Thursday, December 31, 2009

Never ever trust Wikipedia

Wikipedia is great to find links to external sites, but I for one have never trusted the information Wiki gives, not from Day One. I remember having an argument with a dear friend who depends on Wiki for everything and anything and having told her in no uncertain terms that if she quotes anything from Wiki, I will take that as a lie. Being the unforgiving sort that I happen to be, I am emailing this post to her. Yeah.... I know.... I am bad.  via: Drudge  Wiki is a nest of lies and half-truths


  1. When asking if Wikipedia can be trusted, the real question is, "compared to what?" News sources, blogs, magazines, etc all make mistakes. The difference with Wikipedia is the community polices it and constantly updates/corrects the info.

    I'd trust Wikipedia over CBC any day of the week.

  2. I never willing to simply trust wikipedia. But I think taking anything quoted from there as a lie is a tad unfair. I consider anything on it something that, if potentially important to me, needs to be traced to its original source. (Which is usually fairly easy).

    Take the Rush "rumours of my death have been greatly exaggerated" Limbaugh story. Stories announcing someone's death in error happen frequently. (Even my father, not a public figure, has at least once been pronounced dead. Another time he was supposedly in a coma. Both stories were news to him).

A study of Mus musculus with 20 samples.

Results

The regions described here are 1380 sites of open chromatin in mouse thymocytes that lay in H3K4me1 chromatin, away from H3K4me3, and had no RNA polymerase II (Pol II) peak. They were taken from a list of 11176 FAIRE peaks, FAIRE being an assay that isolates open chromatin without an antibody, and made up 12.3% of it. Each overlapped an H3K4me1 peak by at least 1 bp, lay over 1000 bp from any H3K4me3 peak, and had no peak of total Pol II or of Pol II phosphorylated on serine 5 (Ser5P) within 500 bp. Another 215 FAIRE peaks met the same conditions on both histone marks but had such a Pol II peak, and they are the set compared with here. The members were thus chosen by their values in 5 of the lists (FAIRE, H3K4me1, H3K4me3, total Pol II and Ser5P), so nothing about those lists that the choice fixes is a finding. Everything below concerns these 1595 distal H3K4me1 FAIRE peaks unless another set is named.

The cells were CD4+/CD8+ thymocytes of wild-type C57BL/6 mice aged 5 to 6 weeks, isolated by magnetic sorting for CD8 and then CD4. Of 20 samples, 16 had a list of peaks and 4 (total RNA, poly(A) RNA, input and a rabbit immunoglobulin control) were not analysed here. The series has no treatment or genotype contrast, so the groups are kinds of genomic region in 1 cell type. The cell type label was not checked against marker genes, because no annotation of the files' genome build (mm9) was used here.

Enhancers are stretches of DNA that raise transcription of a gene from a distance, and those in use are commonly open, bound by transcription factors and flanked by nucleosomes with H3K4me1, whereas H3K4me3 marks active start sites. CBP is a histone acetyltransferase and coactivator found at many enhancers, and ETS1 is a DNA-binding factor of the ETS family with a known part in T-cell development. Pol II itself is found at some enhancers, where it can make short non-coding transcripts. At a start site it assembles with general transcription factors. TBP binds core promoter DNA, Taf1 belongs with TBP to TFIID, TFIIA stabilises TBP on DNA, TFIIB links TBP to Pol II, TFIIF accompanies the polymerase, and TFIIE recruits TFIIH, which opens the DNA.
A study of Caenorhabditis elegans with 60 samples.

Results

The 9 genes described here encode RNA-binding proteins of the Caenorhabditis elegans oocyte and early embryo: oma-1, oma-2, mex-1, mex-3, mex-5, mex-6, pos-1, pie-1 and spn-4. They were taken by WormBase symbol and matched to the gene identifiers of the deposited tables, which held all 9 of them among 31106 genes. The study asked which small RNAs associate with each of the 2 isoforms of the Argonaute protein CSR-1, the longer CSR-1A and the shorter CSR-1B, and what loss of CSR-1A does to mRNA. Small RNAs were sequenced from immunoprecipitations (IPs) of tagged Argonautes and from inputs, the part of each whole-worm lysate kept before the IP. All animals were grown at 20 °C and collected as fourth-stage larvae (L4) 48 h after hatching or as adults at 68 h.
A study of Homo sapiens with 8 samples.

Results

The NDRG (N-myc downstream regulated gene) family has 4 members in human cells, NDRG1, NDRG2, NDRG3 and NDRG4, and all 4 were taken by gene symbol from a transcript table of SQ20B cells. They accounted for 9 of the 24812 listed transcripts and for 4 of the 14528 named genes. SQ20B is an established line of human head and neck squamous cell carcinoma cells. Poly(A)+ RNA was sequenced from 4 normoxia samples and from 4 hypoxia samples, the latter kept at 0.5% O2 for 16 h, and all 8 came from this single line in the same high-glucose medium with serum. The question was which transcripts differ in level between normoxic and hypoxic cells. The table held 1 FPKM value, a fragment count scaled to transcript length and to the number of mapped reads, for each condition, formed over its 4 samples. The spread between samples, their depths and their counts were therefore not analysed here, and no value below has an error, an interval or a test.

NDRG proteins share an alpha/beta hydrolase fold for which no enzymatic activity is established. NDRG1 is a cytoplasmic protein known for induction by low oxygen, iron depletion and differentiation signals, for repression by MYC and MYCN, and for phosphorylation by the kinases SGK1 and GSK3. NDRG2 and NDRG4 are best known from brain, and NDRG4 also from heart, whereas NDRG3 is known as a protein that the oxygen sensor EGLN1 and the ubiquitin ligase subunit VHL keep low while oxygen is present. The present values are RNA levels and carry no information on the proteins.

But I digress.

    Several things give me faith in wikipedia as a valuable resource (with the understanding that everyone must, to borrow a phrase from Reagan, "trust but verify.")

    1. Many (perhaps millions) of people are watching for errors, and they can be corrected quickly. For example:

    "Rush, of course, was very much alive and about 15 minutes later Wikipedia pronounced him so, altering their bio by removing the information that he had died."

    That speed can't happen with a traditional paper encyclopedia.

    2. All changes are recorded, and you can see every past alteration/update (if you want).

    3. There is a discussion page where you can see people talking about the article, what they want to change and why. It's good in cases where the topic is controversial (or in cases where you want to know if a topic is controversial).

    4. There are often warnings posted within the article when certain sections are suspect for various reasons (e.g., bias).

    5. If you have a problem with something there... you can do something about it.